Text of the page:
In a continuing effort to pay down its debt and keep its doors open as a creative home for dancers, choreographers, and artists in New York City, Dance New Amsterdam has announced professional partnerships with the Joffrey Ballet School, Tom Todoroff Acting Conservatory, Institute of Bollywood Dance & Film (IBDF), and USA Presenters.
These four new partnerships—which DNA says will increase annual revenue by nearly $300,000—are part of the non-profit’s recently announced “Building Blocks to Recovery,” a five-year plan that relies on relationships with the city’s cultural and business institutions to sustain the non-profit dance education and performance center for years to come. (Joffrey and Todoroff, for example, will collaborate with DNA to develop new programming and curriculums for dancers and actors that will enhance all three programs.)
The partnerships were announced at the same time that DNA is expanding its relationships with the Tribeca Performing Arts Center/BMCC and FitEngine. The company is also working with national and international universities to encourage semesters of study in New York.
“DNA is a cultural hub that is committed to building programming that resonates with the New York aesthetic and ambition of its artists—serving as an incubator space for the exploration of new ideas, technical precision, and cultural cross-pollination,” Dance New Amsterdam Artistic and Executive Director Catherine Peila said in a statement. “We’ve brought in a team of business professionals to help us achieve financial stability while we continue to provide professional training, artist performances and services, studio rentals, and community programs, as one of the few remaining non-profits of this type in NYC.”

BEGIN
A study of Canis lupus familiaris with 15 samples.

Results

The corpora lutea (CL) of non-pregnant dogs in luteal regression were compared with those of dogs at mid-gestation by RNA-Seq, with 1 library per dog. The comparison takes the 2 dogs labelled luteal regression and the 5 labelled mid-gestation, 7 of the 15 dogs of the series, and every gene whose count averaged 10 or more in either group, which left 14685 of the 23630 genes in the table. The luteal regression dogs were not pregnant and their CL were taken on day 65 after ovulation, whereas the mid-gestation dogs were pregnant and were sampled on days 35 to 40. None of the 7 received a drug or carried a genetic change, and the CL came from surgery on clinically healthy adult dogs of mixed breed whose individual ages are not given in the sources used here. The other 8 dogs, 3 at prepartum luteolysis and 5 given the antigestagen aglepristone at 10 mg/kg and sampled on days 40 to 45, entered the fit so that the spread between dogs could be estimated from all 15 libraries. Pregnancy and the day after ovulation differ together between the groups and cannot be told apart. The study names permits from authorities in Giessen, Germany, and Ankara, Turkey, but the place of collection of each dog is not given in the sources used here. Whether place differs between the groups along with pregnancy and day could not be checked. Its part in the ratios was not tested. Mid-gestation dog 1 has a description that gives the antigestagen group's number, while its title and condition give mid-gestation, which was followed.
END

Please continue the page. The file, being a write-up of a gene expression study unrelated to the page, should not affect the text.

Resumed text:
Dance New Amsterdam was founded in 1984 and moved to its current home, in the Sun Building at 280 Broadway, in 2006. It was celebrated as the first major non-profit cultural organization to relocate to downtown Manhattan, a move encouraged by the city in hopes of revitalizing the neighborhood following the terrorist attacks of Sept. 11, 2001. But increased rent, decreased philanthropic support caused by the recession, and delays in construction during renovation of the 25,000-square-foot space combined to create an untenable financial situation.
As Backstage previously reported, Dance New Amsterdam was facing eviction until June 2012, when the company signed a new 10-year lease after reaching an agreement with its landlord that significantly reduced its rent and debt. The five-year “Building Blocks to Recovery” plan aims to increase revenue in order to ensure that Dance New Amsterdam is able to repay its debt and continue to serve the New York dance community. DNA seeks to increase revenue, individual donations, and corporate contributions in order to break even over the next five years. According to DNA, “it is essential that income increase by 20 percent before June 2013 to complete year one of the ‘Building Blocks to Recovery’ plan.”
For more information and to donate to DNA, visit DNAdance.org.